In June, the New York Court of Appeals examined the application of a New York Choice of Law provision in a contract – a determinative issue for the case. In Ontario, Inc. v. Samsung C&T Corp., the issue was whether the plaintiff’s claims were subject to Ontario, Canada’s 2-year statute of limitations or New York’s 6-year statute of limitations for breach of contract where the contract contained a broad New York Choice of Law provision. The court found that pursuant to New York’s borrowing statute, Ontario’s more restrictive statute of limitations applied. The action was dismissed as time-barred, serving as a harsh reminder of the potential effects of choice of law and limitations periods.
The suit arose out of the following facts. In 2008, an Ontario renewable energy developer, SkyPower Corp. (“SkyPower”), entered into a Non-Disclosure Agreement (NDA) with the defendants which allowed the defendants to review SkyPower’s confidential and proprietary information. The review was conditioned on restricted disclosure and the requirement that the information would be destroyed after review.
The defendants allegedly made improper use of SkyPower’s proprietary information in violation of the terms of the NDA. Ontario, Inc. (the assignee of SkyPower’s claims in bankruptcy), brought this breach of contract and unjust enrichment action in 2014. The defendants moved to dismiss the complaint, claiming that it was time-barred by Ontario’s 2-year statute of limitations. The plaintiff contended that New York’s statute of limitations applied, which would allow the case to survive the motion to dismiss.
The NDA contained a choice of law provision providing that “[t]his Agreement shall be governed by, construed and enforced in accordance with the laws of the State of New York.” However, New York’s borrowing statute, CPLR 202, dictates that
“[w]hen a nonresident sues on a cause of action accruing outside of New York, CPLR 202 requires the cause of action to be timely under the limitation periods of both New York and the jurisdiction where the cause of action accrued.” Ontario, Inc. v. Samsung C&T Corp., 2018 N.Y. Slip Op. 04274 (June 12, 2018) (citing Global Fin. Corp. v. Triarc Corp., 93 N.Y.2d 525, 528 (1999)). If the borrowing statute applied, as the defendants argued, the case would be subject to Ontario’s shorter statute of limitations.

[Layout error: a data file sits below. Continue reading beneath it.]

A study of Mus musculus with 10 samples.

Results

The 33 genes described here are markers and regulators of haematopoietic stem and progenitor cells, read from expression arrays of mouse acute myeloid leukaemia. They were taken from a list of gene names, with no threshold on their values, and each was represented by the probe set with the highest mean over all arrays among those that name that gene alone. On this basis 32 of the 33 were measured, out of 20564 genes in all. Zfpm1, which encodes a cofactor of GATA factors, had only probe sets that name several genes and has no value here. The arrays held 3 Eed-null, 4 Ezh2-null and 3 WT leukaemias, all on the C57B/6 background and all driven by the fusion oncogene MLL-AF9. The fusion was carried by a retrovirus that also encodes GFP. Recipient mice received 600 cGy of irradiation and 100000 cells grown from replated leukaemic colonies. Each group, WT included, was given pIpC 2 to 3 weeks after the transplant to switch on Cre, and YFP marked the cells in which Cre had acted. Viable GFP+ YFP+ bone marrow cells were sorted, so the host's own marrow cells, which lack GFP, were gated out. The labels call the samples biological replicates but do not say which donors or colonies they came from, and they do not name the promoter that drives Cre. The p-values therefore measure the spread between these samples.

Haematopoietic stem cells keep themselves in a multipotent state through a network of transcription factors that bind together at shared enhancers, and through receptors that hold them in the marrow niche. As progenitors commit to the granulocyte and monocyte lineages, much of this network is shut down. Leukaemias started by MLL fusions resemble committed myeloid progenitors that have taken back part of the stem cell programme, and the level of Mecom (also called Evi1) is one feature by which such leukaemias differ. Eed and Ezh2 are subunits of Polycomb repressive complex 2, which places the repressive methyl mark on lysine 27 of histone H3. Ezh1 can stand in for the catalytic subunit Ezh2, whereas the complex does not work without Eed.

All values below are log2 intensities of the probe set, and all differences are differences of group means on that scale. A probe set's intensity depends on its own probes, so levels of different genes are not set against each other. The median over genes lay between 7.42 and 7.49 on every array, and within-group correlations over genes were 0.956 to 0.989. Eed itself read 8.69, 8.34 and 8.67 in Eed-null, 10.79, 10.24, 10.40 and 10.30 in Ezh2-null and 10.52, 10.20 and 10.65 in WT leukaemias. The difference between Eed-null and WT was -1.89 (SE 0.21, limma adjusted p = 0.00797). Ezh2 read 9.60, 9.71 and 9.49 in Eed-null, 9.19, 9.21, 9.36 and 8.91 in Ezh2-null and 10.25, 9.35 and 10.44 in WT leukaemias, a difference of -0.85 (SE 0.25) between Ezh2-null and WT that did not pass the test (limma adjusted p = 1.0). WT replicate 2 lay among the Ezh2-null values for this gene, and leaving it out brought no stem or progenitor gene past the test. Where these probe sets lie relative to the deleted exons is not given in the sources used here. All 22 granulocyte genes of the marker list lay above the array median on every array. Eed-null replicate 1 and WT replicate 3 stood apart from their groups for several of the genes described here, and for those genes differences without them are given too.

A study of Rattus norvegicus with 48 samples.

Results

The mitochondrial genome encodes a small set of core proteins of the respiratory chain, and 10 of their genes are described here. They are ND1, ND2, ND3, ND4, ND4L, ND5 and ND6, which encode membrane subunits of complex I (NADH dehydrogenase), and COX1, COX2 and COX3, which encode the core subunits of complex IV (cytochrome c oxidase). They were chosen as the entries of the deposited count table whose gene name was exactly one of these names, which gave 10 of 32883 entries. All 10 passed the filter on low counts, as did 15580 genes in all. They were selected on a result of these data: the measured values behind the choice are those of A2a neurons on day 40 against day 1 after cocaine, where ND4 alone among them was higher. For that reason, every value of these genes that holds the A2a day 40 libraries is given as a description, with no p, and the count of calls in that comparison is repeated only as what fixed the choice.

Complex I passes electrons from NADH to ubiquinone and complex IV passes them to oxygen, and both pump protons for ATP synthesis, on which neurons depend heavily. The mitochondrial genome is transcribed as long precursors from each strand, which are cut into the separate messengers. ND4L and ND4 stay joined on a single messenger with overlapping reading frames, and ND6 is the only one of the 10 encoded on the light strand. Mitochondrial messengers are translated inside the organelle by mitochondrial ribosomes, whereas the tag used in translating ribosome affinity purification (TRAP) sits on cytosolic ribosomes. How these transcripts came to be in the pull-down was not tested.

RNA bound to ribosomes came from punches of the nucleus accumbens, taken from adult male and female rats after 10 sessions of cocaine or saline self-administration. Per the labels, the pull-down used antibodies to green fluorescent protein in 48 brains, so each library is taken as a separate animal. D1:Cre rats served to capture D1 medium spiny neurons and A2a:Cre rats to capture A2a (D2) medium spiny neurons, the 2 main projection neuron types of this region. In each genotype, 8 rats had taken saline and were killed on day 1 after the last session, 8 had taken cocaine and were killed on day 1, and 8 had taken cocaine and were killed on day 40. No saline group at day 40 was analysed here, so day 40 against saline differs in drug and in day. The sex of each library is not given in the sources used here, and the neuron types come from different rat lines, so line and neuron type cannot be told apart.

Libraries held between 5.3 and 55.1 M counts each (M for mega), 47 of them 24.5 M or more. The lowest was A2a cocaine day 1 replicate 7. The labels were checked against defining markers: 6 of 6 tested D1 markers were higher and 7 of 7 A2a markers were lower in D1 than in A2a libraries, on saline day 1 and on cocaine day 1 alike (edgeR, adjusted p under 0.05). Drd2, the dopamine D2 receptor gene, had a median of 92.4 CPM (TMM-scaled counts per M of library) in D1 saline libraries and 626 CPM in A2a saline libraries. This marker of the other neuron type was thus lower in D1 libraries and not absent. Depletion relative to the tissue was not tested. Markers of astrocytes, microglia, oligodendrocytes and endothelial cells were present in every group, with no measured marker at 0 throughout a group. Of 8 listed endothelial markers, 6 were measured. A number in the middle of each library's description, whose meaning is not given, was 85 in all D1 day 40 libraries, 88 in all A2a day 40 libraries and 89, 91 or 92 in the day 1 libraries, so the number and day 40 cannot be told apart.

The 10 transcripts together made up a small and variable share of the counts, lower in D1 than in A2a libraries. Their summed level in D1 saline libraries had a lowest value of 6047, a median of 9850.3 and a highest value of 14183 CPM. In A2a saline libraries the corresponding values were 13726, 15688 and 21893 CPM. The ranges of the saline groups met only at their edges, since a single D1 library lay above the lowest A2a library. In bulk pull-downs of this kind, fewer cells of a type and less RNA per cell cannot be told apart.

The parties did not dispute that the plaintiff’s claims accrued in Ontario. Instead, the crux of the plaintiff’s argument was that the NDA’s choice of law provision contemplated a choice of New York’s procedural law except for its statutory choice of law provisions (which include the borrowing statute).
The court found that the parties’ intent, determined from the broad choice of law language used, was to have both the substantive and procedural laws of New York apply. Thus, the borrowing statute, being procedural in nature, applied. Had the plaintiff wished to obtain the application of New York’s statute of limitations, the court explained that the NDA should have been drafted to contain (1) a substantive choice of law clause, and (2) a New York forum selection clause.
This case has important implications in the insurance context; many policies, especially professional liability and builders risk policies, contain choice of law provisions. Anticipating issues with the enforcement of such provisions and predicting application of state law can win (or lose) a case.